In the mind of UFC president Dana White, the man vying for a welterweight title shot at UFC 121 on Saturday is the promotion’s big, new free-agent acquisition, Jake Shields.
However, there’s one person out there who would like to remind White of the other perfectly deserving contender standing across the Octagon from Shields.
“Hopefully, when I go and win the fight,” Martin Kampmann told MMA DieHards, “(White’s promise of top contender status) counts for me as well.”
Kampmann, whose record stands at 17-3, had been on the verge of top contender status in the UFC’s welterweight division once before, but a TKO at the hands of Paul Daley delayed his title aspirations. The loss was somewhat of a surprise to many, who felt that Kampmann chose the wrong strategy by attempting to stand toe-to-toe with a striker as dangerous as “Semtex.”
“Sometimes you get punched and you forget the gameplan because you want to get the other guy back,” Kampmann confessed. “I was disappointed in myself. I think I should have won that fight.
“I could have fought him a lot smarter than what I did. I think it’s a fight I should have won. I think it’s a fight I’ll win if I fight him again. I’d love to get the chance to fight him again and show it was a fluke.”
The former middleweight rebounded from that defeat in his next two bouts by submitting Jacob Volkmann and earning a unanimous decision over fellow contender Paulo Thiago.
While those wins are impressive, a victory over the UFC’s prized acquisition would make Kampmann an impossible name to ignore when discussing the 170-pound division’s most worthy title contenders.
Kampmann entered the UFC with his knockout and TKO stoppages greatly outnumbering his submission finishes, but he doesn’t feel he should be categorized as a striker. On the other hand, he feels that Shields can be pigeonholed.
“He is one-dimensional and sometimes a little boring as well,” said Kampmann.
While Kampmann might find himself yawning at the fighting style of his upcoming opponent, he does not take Shields lightly.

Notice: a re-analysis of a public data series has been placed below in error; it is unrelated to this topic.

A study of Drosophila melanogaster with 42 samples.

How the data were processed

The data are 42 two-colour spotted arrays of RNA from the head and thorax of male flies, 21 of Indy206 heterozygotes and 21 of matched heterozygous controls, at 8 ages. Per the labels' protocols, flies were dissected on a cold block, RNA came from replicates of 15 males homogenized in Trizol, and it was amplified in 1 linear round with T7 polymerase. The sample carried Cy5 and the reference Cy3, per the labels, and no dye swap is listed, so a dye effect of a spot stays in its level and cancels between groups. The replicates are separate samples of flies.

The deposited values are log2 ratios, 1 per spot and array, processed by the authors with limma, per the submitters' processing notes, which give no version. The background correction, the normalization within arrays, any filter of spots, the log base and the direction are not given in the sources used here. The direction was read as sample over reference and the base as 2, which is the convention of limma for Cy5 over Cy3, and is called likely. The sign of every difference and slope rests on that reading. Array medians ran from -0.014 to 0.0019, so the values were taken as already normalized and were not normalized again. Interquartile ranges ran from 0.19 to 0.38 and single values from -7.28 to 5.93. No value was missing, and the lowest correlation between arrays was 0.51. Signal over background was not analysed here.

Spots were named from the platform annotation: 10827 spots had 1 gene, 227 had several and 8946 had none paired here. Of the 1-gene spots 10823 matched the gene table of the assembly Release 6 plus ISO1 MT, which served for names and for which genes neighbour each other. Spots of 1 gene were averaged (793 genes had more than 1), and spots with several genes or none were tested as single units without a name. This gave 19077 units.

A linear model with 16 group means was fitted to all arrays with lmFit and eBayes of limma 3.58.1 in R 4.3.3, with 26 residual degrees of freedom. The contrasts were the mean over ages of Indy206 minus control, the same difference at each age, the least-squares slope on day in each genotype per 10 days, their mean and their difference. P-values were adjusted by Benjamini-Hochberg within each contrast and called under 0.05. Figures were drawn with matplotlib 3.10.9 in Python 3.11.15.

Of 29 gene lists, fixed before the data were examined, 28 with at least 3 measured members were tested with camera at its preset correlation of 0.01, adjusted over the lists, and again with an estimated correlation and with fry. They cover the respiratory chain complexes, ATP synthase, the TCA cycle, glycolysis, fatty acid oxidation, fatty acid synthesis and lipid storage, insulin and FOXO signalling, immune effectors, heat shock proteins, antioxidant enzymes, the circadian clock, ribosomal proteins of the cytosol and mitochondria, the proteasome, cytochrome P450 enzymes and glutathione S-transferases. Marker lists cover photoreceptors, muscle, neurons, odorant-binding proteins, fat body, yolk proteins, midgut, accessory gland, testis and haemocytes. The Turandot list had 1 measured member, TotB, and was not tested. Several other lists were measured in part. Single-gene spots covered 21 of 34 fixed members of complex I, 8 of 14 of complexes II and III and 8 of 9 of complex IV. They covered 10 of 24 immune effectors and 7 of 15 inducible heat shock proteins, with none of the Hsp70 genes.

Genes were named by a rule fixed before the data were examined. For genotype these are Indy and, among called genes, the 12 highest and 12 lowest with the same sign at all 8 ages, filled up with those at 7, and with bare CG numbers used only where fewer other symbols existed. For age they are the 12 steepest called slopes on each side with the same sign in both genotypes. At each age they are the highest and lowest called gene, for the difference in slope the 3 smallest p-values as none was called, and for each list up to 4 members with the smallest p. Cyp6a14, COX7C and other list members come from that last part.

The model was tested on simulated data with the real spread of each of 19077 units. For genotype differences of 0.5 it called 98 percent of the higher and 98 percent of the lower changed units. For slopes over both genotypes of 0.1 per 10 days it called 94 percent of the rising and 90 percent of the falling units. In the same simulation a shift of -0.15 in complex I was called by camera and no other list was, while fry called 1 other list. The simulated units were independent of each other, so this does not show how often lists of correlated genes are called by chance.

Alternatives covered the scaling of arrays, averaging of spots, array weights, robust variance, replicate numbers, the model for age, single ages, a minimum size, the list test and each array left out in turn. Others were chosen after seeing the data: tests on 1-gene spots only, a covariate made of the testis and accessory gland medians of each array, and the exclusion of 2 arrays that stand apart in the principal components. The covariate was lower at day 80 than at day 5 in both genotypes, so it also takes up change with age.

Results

“I think he’s really good at what he does,” Kampmann admitted. “He gets people down, gets on top of them and grinds them out. He’s got some good submissions as well.
“He’s probably one of the best jiu-jitsu guys at 170. He’s got a really good top game in jiu-jitsu.”
Shields has never been known for his stand-up and it’s no secret that he’d prefer to get this fight to the mat.
“I don’t expect him to do it, but I expect him to try,” Kampmann said. “I’m sure he’s going to try, but I’m going to stuff that takedown and make him pay for trying.”
Meanwhile, Kampmann hopes to turn this into a stand-up affair.
“The more the fight stays on the feet, the better it is for me,” Kampmann said. “I think my boxing is a lot better than his.”
In his recent outing against Thiago, Kampmann put on an impressive striking display. He continued to work on his stand-up in preparation for the UFC 121 fight, training with K-1 kickboxer Ray Sefo and boxing coach Gil Martinez at Xtreme Couture in Las Vegas.
“(Sefo) is Obi-Wan Kenobi,” said Kampmann. “He knows his shit.”
While Kampmann might be a Jedi-in-training on his feet, he’s not ignoring the other facets of mixed martial arts. He is working with the wrestlers at the gym to improve his takedown defense and also spends time at the gym of Brazilian jiu-jitsu black belt and Abu Dhabi champion Robert Drysdale.
“I think I’ve always had a pretty solid ground game, I just don’t get credit for it,” Kampmann said.
However, the longtime UFC veteran feels there is always room for improvement as a fighter and stays busy training in all aspects of the sport.
“Once you’re standing still, you get left behind,” he said.
Kampmann usually gets disappointed if he doesn’t finish his opponent and deliver an exciting fight. However, he’s not carrying that burden this time around.
“I think the pressure is more on Jake in this case because he’s more known for having some fights that are kind of boring,” claimed Kampmann.
With that weight lifted from his shoulders, Kampmann is just concentrating on the win. And the title shot that might follow.